128AB (Phoenix Convention Center - West and North Buildings)
Megan E. Linkin, Swiss Re America Holding Corporation, Armonk, NY

Hurricane Sandy, with its unique track, 1,000 mile wide wind field and low central pressure, pushed record breaking storm surge into the New York and New Jersey coasts, destroying businesses, homes and lives in a short 24 hour period. But for all the devastation and damage that Hurricane Sandy brought, its intensity at landfall, measured by 1-minute maximum sustained winds, was equivalent to a minimal Category 1 hurricane. Other events in recent years (Irene, Isabel, Gloria, Bob), while significant, weakened prior to landfall, coming onshore as either Category 1 or Category 2 hurricanes, and not the major hurricanes originally anticipated and feared.

History, however, shows us that we may not always be as fortunate. The 1821 hurricane, commonly referred to as the Norfolk Long Island hurricane, roared through the Mid-Atlantic and Northeastern United States in early September, passing over or near major cities and tourism regions such as the Outer Banks, Norfolk, Cape May and New York City. Coastal communities in North Carolina were washed away, ships in Norfolk, VA were pushed ashore and the Delaware Bay flooded Cape May, NJ. On eastern Long Island, the aftermath was described as, "the most awful and desolating ever experienced." The hurricane was a devastating event for the expanse of Northeast United States, with communities, farms and churches laid in ruins from North Carolina to New Hampshire. The hurricane is notable not only for its strength, but its contribution to science; it is the storm that led to the discovery that in the Northern Hemisphere, these weather systems rotate in a counterclockwise direction.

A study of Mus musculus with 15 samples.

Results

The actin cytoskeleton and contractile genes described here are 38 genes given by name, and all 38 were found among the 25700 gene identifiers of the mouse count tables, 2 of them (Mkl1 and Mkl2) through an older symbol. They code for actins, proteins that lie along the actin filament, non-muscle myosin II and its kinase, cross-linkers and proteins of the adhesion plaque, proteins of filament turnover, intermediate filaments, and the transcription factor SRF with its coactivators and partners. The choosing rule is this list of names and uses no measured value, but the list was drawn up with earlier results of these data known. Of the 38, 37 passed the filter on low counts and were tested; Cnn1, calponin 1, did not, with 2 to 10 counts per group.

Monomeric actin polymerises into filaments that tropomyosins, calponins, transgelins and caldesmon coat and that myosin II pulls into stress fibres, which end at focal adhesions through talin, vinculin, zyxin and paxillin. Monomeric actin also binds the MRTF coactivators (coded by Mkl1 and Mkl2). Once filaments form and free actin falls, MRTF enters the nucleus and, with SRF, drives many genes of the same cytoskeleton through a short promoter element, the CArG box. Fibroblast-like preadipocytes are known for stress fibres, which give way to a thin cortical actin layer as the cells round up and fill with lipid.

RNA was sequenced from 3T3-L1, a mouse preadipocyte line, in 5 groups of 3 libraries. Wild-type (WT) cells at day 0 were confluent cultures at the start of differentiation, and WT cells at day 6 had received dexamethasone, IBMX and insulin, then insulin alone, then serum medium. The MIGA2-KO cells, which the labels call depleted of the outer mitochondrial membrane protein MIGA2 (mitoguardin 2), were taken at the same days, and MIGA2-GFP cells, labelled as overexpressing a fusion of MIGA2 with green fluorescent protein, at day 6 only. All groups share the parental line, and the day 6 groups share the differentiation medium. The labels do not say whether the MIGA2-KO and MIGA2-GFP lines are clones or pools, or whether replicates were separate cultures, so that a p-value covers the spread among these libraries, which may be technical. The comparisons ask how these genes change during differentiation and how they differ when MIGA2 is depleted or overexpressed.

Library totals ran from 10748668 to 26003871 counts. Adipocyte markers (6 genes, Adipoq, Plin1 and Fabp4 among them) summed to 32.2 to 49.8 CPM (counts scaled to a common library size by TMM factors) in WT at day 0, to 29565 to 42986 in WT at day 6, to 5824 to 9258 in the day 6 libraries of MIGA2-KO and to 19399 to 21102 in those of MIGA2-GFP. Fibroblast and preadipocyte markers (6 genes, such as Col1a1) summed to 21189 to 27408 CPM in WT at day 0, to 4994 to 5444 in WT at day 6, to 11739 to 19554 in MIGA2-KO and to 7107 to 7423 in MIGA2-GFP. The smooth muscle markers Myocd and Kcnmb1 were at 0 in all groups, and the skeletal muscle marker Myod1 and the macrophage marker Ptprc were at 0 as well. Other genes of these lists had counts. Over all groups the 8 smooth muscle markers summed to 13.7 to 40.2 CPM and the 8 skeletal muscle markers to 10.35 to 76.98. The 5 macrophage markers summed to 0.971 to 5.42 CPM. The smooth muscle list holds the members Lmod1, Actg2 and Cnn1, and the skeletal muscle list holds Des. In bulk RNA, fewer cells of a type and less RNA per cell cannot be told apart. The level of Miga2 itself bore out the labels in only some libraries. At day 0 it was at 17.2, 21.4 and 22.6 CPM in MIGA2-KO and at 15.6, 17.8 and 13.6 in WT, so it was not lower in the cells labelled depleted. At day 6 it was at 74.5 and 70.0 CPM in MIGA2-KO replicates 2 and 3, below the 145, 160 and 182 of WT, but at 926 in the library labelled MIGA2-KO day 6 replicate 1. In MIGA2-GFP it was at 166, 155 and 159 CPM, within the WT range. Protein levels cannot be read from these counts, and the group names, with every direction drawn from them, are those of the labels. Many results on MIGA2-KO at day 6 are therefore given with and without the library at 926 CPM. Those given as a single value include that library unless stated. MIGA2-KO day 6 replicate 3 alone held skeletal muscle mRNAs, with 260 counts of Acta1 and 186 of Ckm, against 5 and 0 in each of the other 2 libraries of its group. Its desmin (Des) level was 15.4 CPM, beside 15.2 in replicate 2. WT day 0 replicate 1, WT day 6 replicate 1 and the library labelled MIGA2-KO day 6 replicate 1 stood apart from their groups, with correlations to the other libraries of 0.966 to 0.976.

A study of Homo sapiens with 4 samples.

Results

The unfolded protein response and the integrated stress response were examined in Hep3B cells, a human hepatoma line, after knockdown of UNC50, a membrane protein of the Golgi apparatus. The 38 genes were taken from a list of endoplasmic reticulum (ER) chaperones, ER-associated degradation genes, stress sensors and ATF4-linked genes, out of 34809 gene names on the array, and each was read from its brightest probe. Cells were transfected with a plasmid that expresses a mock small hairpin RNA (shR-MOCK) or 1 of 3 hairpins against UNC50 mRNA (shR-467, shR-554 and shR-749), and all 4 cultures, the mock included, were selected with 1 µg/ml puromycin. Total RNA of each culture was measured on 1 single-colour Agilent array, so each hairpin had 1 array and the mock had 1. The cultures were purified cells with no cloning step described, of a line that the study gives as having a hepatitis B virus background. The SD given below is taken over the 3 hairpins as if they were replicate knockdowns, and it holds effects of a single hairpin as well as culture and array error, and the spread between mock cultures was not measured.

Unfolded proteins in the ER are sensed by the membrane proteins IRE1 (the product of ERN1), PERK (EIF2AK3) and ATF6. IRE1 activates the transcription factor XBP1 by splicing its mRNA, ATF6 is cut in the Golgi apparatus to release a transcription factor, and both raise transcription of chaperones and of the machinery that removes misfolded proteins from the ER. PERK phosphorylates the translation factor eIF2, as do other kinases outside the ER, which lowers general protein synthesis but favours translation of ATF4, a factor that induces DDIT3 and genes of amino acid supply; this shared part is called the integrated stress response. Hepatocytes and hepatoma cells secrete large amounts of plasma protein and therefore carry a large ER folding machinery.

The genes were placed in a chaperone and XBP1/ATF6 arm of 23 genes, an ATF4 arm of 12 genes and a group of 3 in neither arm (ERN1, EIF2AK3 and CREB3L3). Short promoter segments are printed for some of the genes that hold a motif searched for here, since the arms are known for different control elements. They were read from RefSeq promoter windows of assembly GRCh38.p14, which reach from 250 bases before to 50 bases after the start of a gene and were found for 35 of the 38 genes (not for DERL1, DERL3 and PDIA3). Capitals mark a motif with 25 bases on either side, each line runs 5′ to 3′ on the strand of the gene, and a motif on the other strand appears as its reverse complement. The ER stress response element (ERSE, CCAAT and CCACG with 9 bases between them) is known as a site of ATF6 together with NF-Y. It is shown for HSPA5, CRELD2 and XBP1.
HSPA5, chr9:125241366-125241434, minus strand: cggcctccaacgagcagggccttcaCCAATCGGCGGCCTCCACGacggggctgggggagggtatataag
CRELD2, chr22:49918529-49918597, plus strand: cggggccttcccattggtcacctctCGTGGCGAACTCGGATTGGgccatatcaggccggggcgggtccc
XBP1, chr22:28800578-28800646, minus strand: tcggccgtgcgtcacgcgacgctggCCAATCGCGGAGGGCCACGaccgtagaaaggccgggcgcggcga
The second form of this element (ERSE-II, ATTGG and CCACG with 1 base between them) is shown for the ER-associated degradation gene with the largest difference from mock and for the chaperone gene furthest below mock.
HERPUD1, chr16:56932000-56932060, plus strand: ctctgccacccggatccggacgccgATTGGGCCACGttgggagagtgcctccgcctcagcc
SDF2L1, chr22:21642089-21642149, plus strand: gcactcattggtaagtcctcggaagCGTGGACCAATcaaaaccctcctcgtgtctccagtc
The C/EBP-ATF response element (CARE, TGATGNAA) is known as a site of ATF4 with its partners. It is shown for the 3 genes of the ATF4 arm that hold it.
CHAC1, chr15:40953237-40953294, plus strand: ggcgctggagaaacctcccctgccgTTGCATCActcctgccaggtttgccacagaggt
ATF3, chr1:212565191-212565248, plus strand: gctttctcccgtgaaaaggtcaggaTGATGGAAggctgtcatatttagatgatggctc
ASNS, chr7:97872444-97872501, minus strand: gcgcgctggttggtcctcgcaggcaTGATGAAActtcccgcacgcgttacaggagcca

With all existing documentation around the 1821 hurricane referring to a catastrophic, devastating event, and with today's models we can reconstruct a track for this hurricane to understand how it moved up coast, along with its wind field and storm surge field to determine what the loss potential is if the 1821 hurricane recurred today.

Using Swiss Re's proprietary tropical cyclone model, a deterministic wind field and storm surge analogs are developed for the 1821 hurricane. The wind footprint calculated for the 1821 hurricane results in a large area of the Eastern Seaboard being affected by powerful winds and wind gusts; in parts of coastal North Carolina, the wind gusts are in excess of 150 mph, with wind gusts up to 130 mph reaching as far north as Connecticut. Storm surge values for the analog hurricanes range from 11 13 feet at The Battery, and up to 25 feet in Atlantic City, NJ.

With trillions of dollars of residential, commercial and automotive exposure currently in the path of such a storm, the loss potential of the 1821 Norfolk-Long Island hurricane exceeds economic losses from other notable East Coast storms, including the 1938 Long Island Express and Hurricane Sandy. Physical economic losses are calculated to be in the range of USD 100 billion; actual economic losses, which include the intangibles, such as lost tax revenue and changes in asset values, are closer to USD 150 billion.

It is imperative that we, as a nation and a society, look into the past to plan for the future, especially peering through the veil of climate change. Hurricanes Irene and Sandy served as harsh reminders that the Eastern Seaboard, particularly the Northeast US, is not immune to hurricane strikes. A recurrence of the 1821 Norfolk Long Island hurricane would be a paradigm shifter, severely and negatively impacting the economy and altering the culture of the oldest part of the United States going forward. Comprehending the potential consequences of historical storms today will help both improve our understanding of the "worst case event," and motivate those in coastal areas to take the necessary steps to prepare for all storms which are possible, even those beyond our current generations' memories.